In Focus periodically highlights an area of practice or a speciality of CBRD’s services, providing a more in-depth look at our activities. This month, we are looking at our smallest but arguably one of our most exciting practice area, the High Consequence Pathogens branch. 

With only a handful of employees, High Consequence Pathogens (E/HCP) is one of the smallest branches (sub-sections) of CBRD, but one of the oldest – it has been part of CBRD’s practice since the beginning, as well as of its precursor. It arguably also gets a disproportionate share of press for its size.

Chief Epidemiologist Chris von Csefalvay, who also heads E/HCP, describes the unit as a small but unique outfit. “We focus on low-incidence, high-impact diseases – mainly viral diseases that occur rarely, but have the potential to grow into devastating epidemics,” von Csefalvay describes his working group’s focus. “Among our concerns are the viral haemorrhagic fevers – Ebola, Marburg, Crimean-Congo haemorrhagic fever and the hantavirus haemorrhagic fevers.” But it’s not all blood and gore: recently, they have set their eyes on another target.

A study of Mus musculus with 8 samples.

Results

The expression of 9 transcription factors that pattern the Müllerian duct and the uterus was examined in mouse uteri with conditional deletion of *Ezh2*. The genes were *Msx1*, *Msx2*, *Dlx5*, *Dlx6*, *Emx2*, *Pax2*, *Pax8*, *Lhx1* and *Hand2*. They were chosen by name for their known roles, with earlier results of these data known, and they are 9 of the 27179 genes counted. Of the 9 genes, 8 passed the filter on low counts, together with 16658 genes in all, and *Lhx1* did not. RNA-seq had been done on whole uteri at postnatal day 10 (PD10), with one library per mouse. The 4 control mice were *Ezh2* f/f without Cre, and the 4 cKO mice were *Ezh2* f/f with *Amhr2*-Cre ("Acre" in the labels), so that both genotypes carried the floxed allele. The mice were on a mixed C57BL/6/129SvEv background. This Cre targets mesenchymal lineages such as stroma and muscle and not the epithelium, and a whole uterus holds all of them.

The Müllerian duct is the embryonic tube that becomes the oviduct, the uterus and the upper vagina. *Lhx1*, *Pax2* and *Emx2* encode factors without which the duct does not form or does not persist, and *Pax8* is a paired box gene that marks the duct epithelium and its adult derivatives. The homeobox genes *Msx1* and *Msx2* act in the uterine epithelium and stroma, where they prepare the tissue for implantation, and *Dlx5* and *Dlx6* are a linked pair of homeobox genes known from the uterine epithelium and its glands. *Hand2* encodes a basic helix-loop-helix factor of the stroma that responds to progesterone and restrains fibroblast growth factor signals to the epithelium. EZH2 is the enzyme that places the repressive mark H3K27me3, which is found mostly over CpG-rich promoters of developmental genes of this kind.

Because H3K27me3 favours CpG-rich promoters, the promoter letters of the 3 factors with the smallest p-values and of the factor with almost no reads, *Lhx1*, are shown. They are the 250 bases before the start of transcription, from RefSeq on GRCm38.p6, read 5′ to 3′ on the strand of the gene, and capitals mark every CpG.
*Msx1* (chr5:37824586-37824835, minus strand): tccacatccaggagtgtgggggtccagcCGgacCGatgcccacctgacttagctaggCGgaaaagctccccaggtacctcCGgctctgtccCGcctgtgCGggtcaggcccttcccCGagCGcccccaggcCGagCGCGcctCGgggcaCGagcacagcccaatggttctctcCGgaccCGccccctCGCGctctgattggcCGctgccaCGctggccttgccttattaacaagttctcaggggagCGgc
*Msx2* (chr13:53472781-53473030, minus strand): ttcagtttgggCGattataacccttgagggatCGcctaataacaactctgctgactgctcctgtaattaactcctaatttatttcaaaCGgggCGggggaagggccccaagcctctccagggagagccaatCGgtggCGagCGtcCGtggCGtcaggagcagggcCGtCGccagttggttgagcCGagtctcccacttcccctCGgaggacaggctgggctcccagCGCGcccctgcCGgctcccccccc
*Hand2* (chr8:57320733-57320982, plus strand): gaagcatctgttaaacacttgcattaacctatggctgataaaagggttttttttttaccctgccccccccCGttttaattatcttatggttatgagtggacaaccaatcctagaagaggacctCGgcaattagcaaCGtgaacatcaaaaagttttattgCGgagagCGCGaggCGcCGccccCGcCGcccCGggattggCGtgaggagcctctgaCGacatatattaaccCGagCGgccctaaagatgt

Henipaviruses comprise the related bat-borne viruses, Hendra virus and Nipah virus. The latter has been causing sporadic outbreaks of often fatal encephalitis in South East Asia. “We are very concerned about Nipah in particular. While the annual incidence is less than twenty cases on average, mortality rates typically exceed 75% and have at times risen above 90%. It’s spread by a range of fruit bats, through saliva and urine. Food contaminated with Nipah virus then transmits the infection to humans. The recent spate of outbreaks in Bangladesh, one of the most densely populated parts of the planet, are especially worrisome.”

Like their object of study, the members of the High Consequence Pathogens branch punch significantly above their weight. “We are primarily a research division, but we have been prolific not only in research but in devising easy, actionable strategies to help locals minimise the risk of infection.”